Tarkan's Campaign Sets Landmark

By Adelind Osmanlı reporting from Munich, Germany

Tarkan by the Tigris River
Tarkan by the Tigris River
The Environment News Service is distributing a report on Turkey's controversial Ilisu Dam project that reveals environmental and human rights groups, along with Turkish pop star Tarkan, were celebrating on Monday the news that Germany, Austria and Switzerland will withdraw their export credit guarantees for the controversial Turkish dam project by July 6, as the German daily Frankfurter Rundschau Online reported last Friday.

The ENS press release writes that the withdrawal is a major victory for environmentalists and human rights advocates, including the prominent artist, who have been campaigning to stop the 1,200 megawatt, two billion Euro dam being built on the Tigris River in southeast Turkey.

The Ilisu dam is part of the South Anatolia Project, a network of 22 dams and 19 hydroelectric plants, according to government plans. The Ilisu reservoir will contain more than 10 billion cubic metres of water from the Tigris.

The singer's campaign has achieved a landmark, as it is being reported this is the first time export credit contracts have been cancelled on humanitarian, cultural and environmental grounds, and the anti-dam advocates say it increases the likelihood that the project will be cancelled completely, because Turkey now lacks the financial means and technical know how to build the giant dam - even though the country's minister of environment, Veysel Eroğlu, was recently quoted to claim that Turkey would finance the project from its own resources.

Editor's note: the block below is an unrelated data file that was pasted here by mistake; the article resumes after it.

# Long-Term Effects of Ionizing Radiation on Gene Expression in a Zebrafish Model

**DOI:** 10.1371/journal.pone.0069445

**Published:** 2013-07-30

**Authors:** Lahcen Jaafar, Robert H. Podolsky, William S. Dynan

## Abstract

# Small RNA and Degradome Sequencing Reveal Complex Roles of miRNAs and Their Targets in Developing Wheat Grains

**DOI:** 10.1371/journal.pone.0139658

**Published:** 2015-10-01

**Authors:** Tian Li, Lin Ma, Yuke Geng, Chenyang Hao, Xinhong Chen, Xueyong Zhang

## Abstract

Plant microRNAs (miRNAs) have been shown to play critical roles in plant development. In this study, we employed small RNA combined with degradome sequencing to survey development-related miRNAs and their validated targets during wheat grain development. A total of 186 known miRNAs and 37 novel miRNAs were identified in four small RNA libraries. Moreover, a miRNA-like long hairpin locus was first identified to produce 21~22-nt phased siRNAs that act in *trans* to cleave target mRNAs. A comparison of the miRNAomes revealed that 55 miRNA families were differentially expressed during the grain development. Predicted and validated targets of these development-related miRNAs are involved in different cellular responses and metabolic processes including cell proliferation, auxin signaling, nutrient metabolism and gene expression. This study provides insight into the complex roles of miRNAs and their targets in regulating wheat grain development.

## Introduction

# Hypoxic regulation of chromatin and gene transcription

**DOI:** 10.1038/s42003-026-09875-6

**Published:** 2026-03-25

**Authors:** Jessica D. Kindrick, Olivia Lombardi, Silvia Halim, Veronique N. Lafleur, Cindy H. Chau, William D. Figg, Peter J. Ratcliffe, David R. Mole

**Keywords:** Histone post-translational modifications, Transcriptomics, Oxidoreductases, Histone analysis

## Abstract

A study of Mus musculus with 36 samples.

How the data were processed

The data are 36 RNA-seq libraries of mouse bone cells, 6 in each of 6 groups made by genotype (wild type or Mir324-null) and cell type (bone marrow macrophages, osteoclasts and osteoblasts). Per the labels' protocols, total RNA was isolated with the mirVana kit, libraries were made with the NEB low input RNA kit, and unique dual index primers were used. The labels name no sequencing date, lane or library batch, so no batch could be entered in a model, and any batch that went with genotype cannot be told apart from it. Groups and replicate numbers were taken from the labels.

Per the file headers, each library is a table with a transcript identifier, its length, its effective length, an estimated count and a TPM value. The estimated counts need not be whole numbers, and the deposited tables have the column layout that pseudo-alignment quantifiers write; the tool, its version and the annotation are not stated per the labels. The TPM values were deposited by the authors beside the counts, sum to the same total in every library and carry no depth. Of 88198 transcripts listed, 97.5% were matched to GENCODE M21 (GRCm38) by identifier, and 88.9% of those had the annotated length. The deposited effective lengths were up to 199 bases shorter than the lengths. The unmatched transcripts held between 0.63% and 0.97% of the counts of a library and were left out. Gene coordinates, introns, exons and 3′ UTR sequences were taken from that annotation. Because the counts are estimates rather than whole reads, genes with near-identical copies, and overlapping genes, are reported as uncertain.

As the project's reputation is now diminished, campaigners believe it will be difficult for Turkey to find new sponsors, as the European banks providing finance for the project are expected to also withdraw.

Efforts will now be increased to have the project revoked in Turkey as well, as environmentalists believe there are better alternatives than recent government efforts - which appear not to be working - to boost employment and bring prosperity to the impoverished southeast.

With celebrated artists like Nobel Prize winning writer Orhan Pamuk joining Tarkan's campaign to stop the Ilisu dam, critics of the project believe that the 10,000 year old ancient town surrounding the Tigris River and the river itself deserves to be designated as a UNESCO World Heritage Site.

A panel on renewable energy set up in south-eastern Turkey led to a heated debate on the project last week, with some accusing environmentalists of blocking progress in the region and of ignoring the demands of the people and the interests of the country.

But the head of the local Chamber of Electrical Engineers called on the Turkish government to give up the project and "engage in an effort that can take us into the future and leaves [the ancient town] where it is".